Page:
Ms Patel made a statement to MPs after the tragic drownings of three children, seven women, including a pregnant woman, and 17 men on Wednesday.
She said the government was working with other countries to “dismantle organised criminal” gangs responsible for trafficking people into the UK.
“What happened yesterday was a dreadful shock, it was not a surprise but it is also a reminder of how vulnerable people are put at peril when in the hands of criminal gangs,” she said in the Commons.
“There is also no quick fix. This is about addressing long-term pull factors, smashing the criminal gangs that treat human beings as cargo and tackling supply chains.”
French prosecutors are carrying out the criminal probe into the deaths and Britain has offered support to boost patrols on French beaches to stop boats being launched.
Ms Patel said: “I’ve just spoken again with my French counterpart Minister Darmanin and I’ve once again reached out and made my offer very clear to France in terms of joint France and UK co-operation, joint patrols to prevent these dangerous journeys from taking place.
“I’ve offered to work with France to put officers on the ground and do absolutely whatever is necessary to secure the area so that vulnerable people do not risk their lives by getting into unseaworthy boats.”
Ms Patel said there is a “global illegal migration crisis” and that the “journeys across the Channel are absolutely unnecessary”.
She emphasised the need for the UK to work with other countries to tackle the small boats crisis and said more than 20,000 have been stopped this year.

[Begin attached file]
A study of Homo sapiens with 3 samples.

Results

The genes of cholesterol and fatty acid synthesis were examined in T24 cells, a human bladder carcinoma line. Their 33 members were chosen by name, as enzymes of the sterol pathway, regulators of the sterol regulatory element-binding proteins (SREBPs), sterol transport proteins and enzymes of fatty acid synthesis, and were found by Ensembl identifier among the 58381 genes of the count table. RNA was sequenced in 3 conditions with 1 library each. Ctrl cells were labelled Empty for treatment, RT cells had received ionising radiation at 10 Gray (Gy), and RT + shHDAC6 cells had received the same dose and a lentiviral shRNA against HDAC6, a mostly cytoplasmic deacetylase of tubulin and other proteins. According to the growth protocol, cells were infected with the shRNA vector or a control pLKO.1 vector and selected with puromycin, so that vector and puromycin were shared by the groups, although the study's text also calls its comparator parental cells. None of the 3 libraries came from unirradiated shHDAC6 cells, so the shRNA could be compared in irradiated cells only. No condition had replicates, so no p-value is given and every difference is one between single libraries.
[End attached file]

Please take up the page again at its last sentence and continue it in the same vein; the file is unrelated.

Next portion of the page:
“We have dismantled 17 organised criminal groups and secured over 400 arrests and 65 convictions,” she said.
“But this crisis continues, clearly demonstrating we need to do more together. This is a complicated issue and there is no simple fix.”
She also urged MPs to support the Nationality and Borders Bill, saying: “As we mourn those who have died in the most horrendous of circumstances, I hope that the whole House can come together to send a clear message that crossing the Channel in this lethal way in a small boat is not the way to come to our country.”
However the Bill has been criticised by some opposition MPs and charity bosses.
Steve Valdez-Symonds, Amnesty International UK’s refugee and migrant rights director, said: “The UK’s failure to play its part in providing protection to people who are fleeing conflict and persecution is even more distressing at a time when the Home Office is trying to push through its draconian Nationality and Borders Bill. This new policy will further exacerbate the asylum system and continue to punish and exclude people seeking safety.
“If the Government is truly concerned with tackling these gangs and their abuse of people, they must set up safe asylum routes, so people no longer need to depend on smugglers.”